Backlash for Germany’s Baerbock over crucifix removal at G7 meeting

Christian Democrats criticize the move as insensitive to tradition and history.
German Foreign Minister Annalena Baerbock came under fire Friday over the removal of a 482-year-old crucifix from the venue for a G7 meeting in the German city of Münster.

The Federal Foreign Office had the historic wooden crucifix removed from the conference venue in Münster as part of a larger redesign of the city’s town hall, a ministry spokesman said on Friday in Berlin. Baerbock, from the Greens, was not involved with the issue, he said.

“It was not a conscious decision, certainly not a political decision, but obviously an organizational decision,” Baerbock commented Friday after meeting with her G7 colleagues. “I would have liked it if we hadn’t put it away.”

Nevertheless conservative Christian Democrats criticized the move as insensitive to tradition and history. Markus Söder, Bavarian state premier with the Christian Social Union (CSU), who controversially ordered crucifixes to be hung up in public buildings in Bavaria in the past, complained in a tweet that this would not happen in any other country and asked: “Is this the new foreign policy?”

Thorsten Frei, a senior member of the Christian Democratic Union (CDU), said that “only those who stand by their own tradition and social character can also approach others openly, confidently and self-assuredly,” Welt reported. Frei argued that the “Christian image of man is precisely the common basis of the liberal and constitutional democracies of the G7 countries,” according to the newspaper.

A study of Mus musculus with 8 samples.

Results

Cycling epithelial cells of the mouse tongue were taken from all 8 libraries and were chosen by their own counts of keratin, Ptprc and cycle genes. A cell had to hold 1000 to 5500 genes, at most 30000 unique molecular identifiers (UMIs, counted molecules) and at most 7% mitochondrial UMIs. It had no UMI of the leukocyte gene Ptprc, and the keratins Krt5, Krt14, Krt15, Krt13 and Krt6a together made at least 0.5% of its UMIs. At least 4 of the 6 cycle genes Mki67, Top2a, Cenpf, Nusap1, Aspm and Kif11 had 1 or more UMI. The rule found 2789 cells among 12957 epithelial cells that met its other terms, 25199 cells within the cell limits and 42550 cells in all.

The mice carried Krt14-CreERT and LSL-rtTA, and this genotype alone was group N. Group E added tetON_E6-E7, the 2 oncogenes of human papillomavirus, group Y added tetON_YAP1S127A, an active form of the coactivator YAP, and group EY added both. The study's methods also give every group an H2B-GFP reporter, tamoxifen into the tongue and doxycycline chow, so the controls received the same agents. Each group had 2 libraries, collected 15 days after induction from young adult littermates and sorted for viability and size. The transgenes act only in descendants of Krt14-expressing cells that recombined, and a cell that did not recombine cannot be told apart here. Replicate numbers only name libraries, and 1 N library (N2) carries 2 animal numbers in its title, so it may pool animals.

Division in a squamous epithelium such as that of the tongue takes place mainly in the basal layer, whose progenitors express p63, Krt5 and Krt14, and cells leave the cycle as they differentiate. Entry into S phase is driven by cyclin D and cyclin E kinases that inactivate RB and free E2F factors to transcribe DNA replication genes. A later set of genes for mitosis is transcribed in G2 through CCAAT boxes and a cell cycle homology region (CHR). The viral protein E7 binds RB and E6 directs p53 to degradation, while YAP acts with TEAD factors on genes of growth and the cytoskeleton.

Baerbock hosted the foreign ministers of France, Italy, Japan, Canada, the U.S. and the U.K. as Germany currently holds the G7 presidency. The leaders discussed, among other issues, the consequences for Europe of Russia’s attack on Ukraine, transatlantic cooperation and relations with China.

The Münster town hall is considered to have great symbolic value for Christianity in Europe as it was the site for negotiations of the historic Peace of Westphalia. The agreement ended the devastating Thirty Years’ War fought over religion across the Continent.